A Letter of Protection Should Be Written by a Lawyer 

In general, most letters of protection are written by a lawyer and mention the likely outcome of the case as well as a date of settlement. If you do not have a lawyer representing you in your auto accident case, you can still ask a lawyer to draft a letter of protection for a small fee. Alternatively, you may write your own letter of protection and have it notarized. However, not all health care providers will accept a notarized letter from you, so make sure that this will suffice before drafting your own version. 

Some Health Care Providers Have a Letter of Protection Available in Their Office

You may not always need your own lawyer to write you a letter of protection, though. Some health care providers, especially those who often care for accident victims, may have a letter of protection available in their office. Your doctor will fill out your medical information and dates of treatment, and you will sign the document either once or each time you receive treatment. It's good to ask your health provider if they assist in any way with letters of protection before drafting your own. 

If Your Health Insurance or Auto Insurance Covers Your Medical Expenses, You Will Not Need a Letter of Protection 

If you are able to pay for your medical expenses on your own or if your health or auto insurance is willing to cover your expenses before your case is settled, then you may not need a letter of protection. However, there is often a breakdown in insurance coverage after an auto accident as personal health insurance will only kick in after your auto insurance has covered their full amount, and that will only be paid after a settlement has been reached.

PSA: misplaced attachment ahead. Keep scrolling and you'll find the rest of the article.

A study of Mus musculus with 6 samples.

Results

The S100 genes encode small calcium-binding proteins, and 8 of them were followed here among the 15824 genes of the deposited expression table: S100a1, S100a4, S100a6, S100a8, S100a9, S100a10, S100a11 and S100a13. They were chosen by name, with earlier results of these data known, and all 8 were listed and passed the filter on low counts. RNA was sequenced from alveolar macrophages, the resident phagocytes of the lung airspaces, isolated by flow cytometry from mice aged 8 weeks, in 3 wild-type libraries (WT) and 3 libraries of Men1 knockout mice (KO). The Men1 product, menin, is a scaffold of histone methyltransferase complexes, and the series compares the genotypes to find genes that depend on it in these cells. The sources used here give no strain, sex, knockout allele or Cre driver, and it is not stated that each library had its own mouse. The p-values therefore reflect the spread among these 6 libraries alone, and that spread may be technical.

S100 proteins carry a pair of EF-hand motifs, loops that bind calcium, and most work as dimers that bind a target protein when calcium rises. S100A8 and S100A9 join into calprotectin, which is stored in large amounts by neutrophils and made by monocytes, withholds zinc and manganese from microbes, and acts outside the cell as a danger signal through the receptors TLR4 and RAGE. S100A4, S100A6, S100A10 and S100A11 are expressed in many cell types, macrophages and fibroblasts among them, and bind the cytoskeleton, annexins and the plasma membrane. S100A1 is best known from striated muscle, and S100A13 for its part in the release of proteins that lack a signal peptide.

You Should Make Sure Your Health Care Provider Will Accept a Letter of Protection Before Seeking Treatment 

Most health care providers demand payment at the time of service. If you plan to use a letter of protection to delay payment, it is important to make sure that your health care provider will accept a letter of protection before you receive treatment. Otherwise, you may be stuck with a bill that is due immediately. However, keep in mind that most emergency services such as ambulances and ERs will accept a letter of protection even after you have received treatment. 

If You Do Not Win a Settlement, You Will Be Required to Pay the Medical Bills Delayed by Your Letter of Protection 

It is important to realize that a letter of protection does not absolve you from paying your medical bills. If you do not win a settlement, you will be responsible for paying your medical bills. Similarly, if it takes longer than you expected to reach a settlement, you may have to re-negotiate another extension of your medical debts with a second letter of protection or you may have to start paying your bills out of pocket. 

Paying medical bills and receiving insurance benefits after an accident can be confusing. To have all your questions answered, contact car accident lawyers.